Pierced Memories

photoWalking downtown over the July 4th weekend I passed a Congress Street tattoo parlor and had a sudden, vivid memory from nearly 20 years ago.  I can’t swear it was the same tattoo parlor. It had a different name and was definitely seedier, as was most of downtown Congress Street. And mind you this was before everyone and her mother had a tattoo.

Here’s what I remember: I drove in to downtown Portland from the suburbs in my minivan with my 14-year-old daughter who was determined to get her nose pierced––something they only did in tattoo parlors back then.  Under 16, you needed parental permission, which I wasn’t about to give. But I hoped the experience of actually going into the tattoo parlor would convince her not to go through with it––fat chance.  (In retrospect, big deal, right? But this was 1995.)

We parked down the street and I walked ahead of my daughter and her two friends: three freewheeling kids, newly minted freshmen in high school, eager to carve out their identities, so to speak.  Once inside the tattoo parlor we sat on a severely cracked leather couch and waited, looking at a binder of faded tattoo designs of the motorcycle gang variety.  On the other side of the counter, the tattoo artist was doing his thing. Sizzle, zap, buzz… As time ticked on, I thought the kids were close to deciding they didn’t belong there, but no such luck.  The place creeped me out but it didn’t seem to faze my daughter in the least. But then again, she only wanted her nose pierced.

Eventually, it was her turn. The owner of the tattoo parlor began walking my daughter through the process: choosing the stud, discussing where the hole would be, how much it would hurt. She showed no signs of changing her mind––she was going to call my bluff. And then, he got to the important part: no taking out the stud for six weeks. No exceptions. He was very convincing, bless his heart.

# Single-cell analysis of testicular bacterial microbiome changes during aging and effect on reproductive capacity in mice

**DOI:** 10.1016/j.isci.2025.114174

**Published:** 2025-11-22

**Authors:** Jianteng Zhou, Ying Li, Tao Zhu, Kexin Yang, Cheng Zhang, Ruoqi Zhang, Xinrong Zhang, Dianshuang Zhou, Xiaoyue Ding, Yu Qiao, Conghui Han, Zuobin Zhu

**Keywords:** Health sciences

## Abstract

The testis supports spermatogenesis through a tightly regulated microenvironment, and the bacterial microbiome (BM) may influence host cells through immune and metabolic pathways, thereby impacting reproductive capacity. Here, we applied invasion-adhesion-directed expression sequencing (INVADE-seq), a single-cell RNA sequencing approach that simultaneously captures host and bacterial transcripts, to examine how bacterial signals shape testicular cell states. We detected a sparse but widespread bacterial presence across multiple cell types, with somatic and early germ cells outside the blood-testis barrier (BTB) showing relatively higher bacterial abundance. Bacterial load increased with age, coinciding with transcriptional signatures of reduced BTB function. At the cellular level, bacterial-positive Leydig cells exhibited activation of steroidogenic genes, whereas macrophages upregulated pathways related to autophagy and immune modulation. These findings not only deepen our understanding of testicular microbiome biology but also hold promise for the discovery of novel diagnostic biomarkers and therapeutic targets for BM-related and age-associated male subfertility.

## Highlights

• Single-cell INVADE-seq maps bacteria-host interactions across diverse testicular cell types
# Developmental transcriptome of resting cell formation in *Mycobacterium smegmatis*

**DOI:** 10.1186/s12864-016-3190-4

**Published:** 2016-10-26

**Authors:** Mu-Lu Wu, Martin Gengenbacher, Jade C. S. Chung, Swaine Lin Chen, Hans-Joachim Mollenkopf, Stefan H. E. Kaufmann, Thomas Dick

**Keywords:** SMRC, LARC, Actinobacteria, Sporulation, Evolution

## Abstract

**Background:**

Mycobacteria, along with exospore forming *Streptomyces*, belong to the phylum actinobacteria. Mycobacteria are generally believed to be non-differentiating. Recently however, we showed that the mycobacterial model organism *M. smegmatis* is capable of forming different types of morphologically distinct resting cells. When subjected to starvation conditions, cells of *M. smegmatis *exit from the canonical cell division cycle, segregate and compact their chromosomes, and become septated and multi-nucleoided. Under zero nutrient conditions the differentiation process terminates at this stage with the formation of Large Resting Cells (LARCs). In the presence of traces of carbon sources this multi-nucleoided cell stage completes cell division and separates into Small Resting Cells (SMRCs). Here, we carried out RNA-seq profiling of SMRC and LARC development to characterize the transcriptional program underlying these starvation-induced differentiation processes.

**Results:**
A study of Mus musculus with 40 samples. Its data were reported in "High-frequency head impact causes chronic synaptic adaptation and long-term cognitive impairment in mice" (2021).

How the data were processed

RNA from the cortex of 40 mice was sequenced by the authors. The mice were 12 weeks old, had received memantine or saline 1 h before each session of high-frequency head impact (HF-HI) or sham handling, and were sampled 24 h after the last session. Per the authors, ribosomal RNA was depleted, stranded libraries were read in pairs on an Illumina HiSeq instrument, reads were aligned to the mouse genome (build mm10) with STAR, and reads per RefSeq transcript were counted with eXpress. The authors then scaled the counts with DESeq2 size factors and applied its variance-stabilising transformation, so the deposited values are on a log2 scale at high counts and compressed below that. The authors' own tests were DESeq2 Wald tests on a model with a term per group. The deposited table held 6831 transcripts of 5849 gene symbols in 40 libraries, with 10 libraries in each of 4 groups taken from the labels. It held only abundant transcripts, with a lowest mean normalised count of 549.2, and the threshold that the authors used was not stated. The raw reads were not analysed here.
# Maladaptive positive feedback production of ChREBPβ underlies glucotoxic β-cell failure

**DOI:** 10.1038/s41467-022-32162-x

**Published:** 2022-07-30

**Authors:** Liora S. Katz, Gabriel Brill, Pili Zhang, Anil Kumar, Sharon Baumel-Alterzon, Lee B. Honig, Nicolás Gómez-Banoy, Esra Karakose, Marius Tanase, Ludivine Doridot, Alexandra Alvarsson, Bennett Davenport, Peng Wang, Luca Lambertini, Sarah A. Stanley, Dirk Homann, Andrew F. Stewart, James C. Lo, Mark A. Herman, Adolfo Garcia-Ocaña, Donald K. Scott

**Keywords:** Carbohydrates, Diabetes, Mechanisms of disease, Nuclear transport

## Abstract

A sports season was about to start. It could have been soccer, field hockey or lacrosse, but in any case, the coaches didn’t allow jewelry to be worn on the field.  If she got a piercing, she couldn’t remove it for 6 weeks…which meant she couldn’t play. We were at an impasse.

It’s possible my daughter had just found the excuse she was looking for. She could back out without chickening out. And best of all, I wasn’t the bad guy. We left the shop, nose intact. Piercings and body art were just something to look forward to in the bright future ahead. I was relieved; I’m not sure how she felt.

I have to admit: I didn’t run this particular account by my daughter. I do wonder if she remembers it the same way I do…or even at all? Not that it matters. Memories are notoriously inaccurate. But without them, where would the stories come from? And how would we know how far we’ve come?